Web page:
It is thought that Christianity arrived on Lewis in the 6th century, taking root strongly enough to survive the arrival in the early 9th century of the Vikings : indeed the Vikings who seized control of Lewis seem to have converted to Christianity soon after their arrival. Stornoway itself was founded by the Vikings, its name derived from the Old Norse Stjornavagr, meaning ‘steering bay.’
The Vikings remained in power in Stornoway, their wealth and contact with their homeland demonstrated by the modern find of a coin and jewellery hoard buried in the grounds of Lewis Castle about 1000AD. The Nicolson family (or MacNicols), Lords of Lewis in the early medieval era, were of Viking descent. They built the original Lewis Castle in the early 12th century overlooking Anchor Bay: ironically this was to defend their holdings against a new wave of Scandinavian raiders.
Fishing provided Stornoway and the rest of Lewis with a living even in the early medieval period, as it continued to do so until well into the 20th century and even to a reduced extent today, though it was more subsistence than commercial until the 16th century.
The MacLeods succeeded the Nicolsons as controllers of Lewis in roughly the second half of the 12th century. They and those who followed them maintained the Old Castle built by the Nicolsons for centuries. In 1506 it was however captured by the Earl of Huntly; in 1554 it repelled a siege by the Earl of Argyll .
Control from Edinburgh even in the 16th century was limited as far as Stornoway and Lewis were concerned. James VI regarded the island controlled by the MacLeods as semi-civilised. He made Stornoway a royal borough; in 1594 he granted Dutch fishermen rights there, getting some to settle. Their homes and those of English settlers also attracted by James, and later by Charles I , added to the town that was extended in the early part of the 17th century by the Fife Adventurers.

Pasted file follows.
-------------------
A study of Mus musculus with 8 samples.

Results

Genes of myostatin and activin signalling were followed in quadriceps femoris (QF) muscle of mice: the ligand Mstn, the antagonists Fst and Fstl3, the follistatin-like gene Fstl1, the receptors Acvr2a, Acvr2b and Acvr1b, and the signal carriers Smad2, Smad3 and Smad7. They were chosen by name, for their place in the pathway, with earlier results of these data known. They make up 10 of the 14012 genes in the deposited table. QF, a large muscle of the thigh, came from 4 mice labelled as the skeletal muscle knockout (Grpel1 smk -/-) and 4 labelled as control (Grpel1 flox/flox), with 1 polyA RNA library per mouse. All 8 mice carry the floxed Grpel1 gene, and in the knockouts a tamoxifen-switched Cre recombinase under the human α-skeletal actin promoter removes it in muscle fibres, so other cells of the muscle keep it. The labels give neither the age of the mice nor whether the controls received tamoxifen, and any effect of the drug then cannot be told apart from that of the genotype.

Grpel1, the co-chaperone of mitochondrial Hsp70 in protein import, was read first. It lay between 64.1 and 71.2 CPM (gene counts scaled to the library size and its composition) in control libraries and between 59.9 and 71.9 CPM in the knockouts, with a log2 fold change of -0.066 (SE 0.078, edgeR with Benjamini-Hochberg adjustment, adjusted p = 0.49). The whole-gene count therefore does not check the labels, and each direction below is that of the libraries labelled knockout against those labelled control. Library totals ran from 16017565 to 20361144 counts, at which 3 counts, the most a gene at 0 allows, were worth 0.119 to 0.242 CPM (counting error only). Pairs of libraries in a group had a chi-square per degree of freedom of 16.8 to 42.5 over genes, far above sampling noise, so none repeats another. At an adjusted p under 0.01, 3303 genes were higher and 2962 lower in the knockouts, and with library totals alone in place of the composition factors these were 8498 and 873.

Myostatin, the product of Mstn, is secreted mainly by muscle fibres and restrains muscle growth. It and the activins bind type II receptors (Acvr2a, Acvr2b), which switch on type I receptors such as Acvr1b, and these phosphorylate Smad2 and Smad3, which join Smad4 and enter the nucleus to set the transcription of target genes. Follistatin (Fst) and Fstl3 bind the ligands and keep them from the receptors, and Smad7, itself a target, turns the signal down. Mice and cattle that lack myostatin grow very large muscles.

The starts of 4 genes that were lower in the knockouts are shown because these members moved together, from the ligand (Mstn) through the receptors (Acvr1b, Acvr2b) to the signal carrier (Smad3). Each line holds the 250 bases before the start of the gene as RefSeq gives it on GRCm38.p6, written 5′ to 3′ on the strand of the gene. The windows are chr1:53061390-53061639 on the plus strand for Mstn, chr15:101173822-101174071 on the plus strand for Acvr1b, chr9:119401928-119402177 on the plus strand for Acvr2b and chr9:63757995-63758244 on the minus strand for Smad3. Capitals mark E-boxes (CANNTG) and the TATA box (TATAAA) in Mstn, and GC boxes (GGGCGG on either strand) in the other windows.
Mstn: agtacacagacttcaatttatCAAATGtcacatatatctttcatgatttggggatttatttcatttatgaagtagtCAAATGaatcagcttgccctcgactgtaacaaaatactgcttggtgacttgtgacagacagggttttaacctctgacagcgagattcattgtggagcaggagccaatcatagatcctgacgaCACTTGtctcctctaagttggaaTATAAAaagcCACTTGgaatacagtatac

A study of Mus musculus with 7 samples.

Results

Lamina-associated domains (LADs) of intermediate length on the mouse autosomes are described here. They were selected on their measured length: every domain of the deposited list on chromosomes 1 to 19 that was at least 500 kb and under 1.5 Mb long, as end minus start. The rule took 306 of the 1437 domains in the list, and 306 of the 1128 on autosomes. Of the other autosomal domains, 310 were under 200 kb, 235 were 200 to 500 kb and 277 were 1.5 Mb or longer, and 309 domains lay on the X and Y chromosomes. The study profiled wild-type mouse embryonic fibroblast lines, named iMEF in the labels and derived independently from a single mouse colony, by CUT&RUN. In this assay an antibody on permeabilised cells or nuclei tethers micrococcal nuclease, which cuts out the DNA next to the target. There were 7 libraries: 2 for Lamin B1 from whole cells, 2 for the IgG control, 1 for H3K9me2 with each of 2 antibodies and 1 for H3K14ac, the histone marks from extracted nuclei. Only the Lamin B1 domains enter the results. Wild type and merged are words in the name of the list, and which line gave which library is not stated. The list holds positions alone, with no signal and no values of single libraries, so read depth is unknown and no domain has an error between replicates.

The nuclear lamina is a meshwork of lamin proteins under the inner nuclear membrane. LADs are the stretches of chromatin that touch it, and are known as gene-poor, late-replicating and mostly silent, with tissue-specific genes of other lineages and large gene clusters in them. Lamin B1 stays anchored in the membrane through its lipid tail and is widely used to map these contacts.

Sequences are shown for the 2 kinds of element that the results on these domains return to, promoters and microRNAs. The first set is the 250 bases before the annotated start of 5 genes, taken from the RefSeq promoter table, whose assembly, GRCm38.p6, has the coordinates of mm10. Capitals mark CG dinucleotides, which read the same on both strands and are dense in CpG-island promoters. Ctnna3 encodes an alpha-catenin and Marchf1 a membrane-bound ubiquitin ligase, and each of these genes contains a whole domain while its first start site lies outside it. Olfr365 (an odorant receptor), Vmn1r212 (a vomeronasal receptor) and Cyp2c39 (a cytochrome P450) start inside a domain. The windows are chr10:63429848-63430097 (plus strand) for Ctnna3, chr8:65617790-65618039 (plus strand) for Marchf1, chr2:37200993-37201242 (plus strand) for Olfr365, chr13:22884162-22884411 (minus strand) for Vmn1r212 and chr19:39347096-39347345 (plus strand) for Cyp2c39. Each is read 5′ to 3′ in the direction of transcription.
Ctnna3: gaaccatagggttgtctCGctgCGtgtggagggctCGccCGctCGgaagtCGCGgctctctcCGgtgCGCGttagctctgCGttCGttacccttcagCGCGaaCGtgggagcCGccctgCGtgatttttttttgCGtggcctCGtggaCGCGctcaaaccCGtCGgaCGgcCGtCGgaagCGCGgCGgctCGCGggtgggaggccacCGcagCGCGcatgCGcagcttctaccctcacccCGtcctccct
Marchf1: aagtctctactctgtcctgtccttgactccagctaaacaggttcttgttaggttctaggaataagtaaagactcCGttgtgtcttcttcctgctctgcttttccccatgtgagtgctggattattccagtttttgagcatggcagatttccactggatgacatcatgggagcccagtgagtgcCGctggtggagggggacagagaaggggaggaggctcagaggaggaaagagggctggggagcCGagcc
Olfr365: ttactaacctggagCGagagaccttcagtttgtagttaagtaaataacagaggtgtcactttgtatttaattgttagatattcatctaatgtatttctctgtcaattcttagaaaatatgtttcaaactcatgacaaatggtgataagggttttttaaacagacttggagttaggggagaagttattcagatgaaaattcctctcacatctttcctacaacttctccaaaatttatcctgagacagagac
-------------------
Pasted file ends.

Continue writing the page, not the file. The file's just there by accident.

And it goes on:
Charles I sold rights to Lewis’s fishing to English interests, making paupers of many of its native fishermen. In spite of that intervention, the 2nd and 3rd Earls of Seaforth came out for the crown in the Civil Wars and the Commonwealth. An intriguing idea was mooted during the interregnum, when Charles II in exile was urged by some to cede Lewis and other isles to the Dutch, with whom England was at war by 1652. The following year the seizure of crewmembers of the English privateer Fortune in Stornoway precipitated action by Cromwell : Stornoway was taken by Parliamentary forces, and to this day the main street in the town is called Cromwell Street. The castle was damaged by Parliamentary soldiers to render it militarily useless in future.
Though Charles II did not give Lewis to the Dutch, he like his father brought Dutch fishermen there to introduce fishing technology advances.
The name of Mackenzie is synonymous with Stornoway: they controlled it after Cromwell’s intervention; and they produced several famous sons including two great travellers: Cohn Mackenzie, born about 1753, eventual surveyor-general of India; and Sir Alexander Mackenzie who explored the West of Canada. Mackenzie control of the island ended in 1844 when Sir James Matheson purchased it from the family trustees. It was Sir James who built the current Lews Castle .
In WWI Stornoway and Lewis provided in percentage terms more of its population to the conflict than anywhere else in the British Empire. How ironic that having fought for freedom their native island was sold again to another outsider, Lord Leverhulme, in 1918. Leverhulme had great plans for Stornoway, but failed to implement them; in 1923 he gifted his rights to the town to the Stornoway Trust.
During WWII Stornoway was the site of an RAF base for anti-submarine planes; after America’s entry into the war the USAAF used it as a refuelling base for aircraft ferried across the Atlantic. When the conflict ended Stornoway resumed its quiet life, the town and its island most famed perhaps for a determination to keep the Sabbath.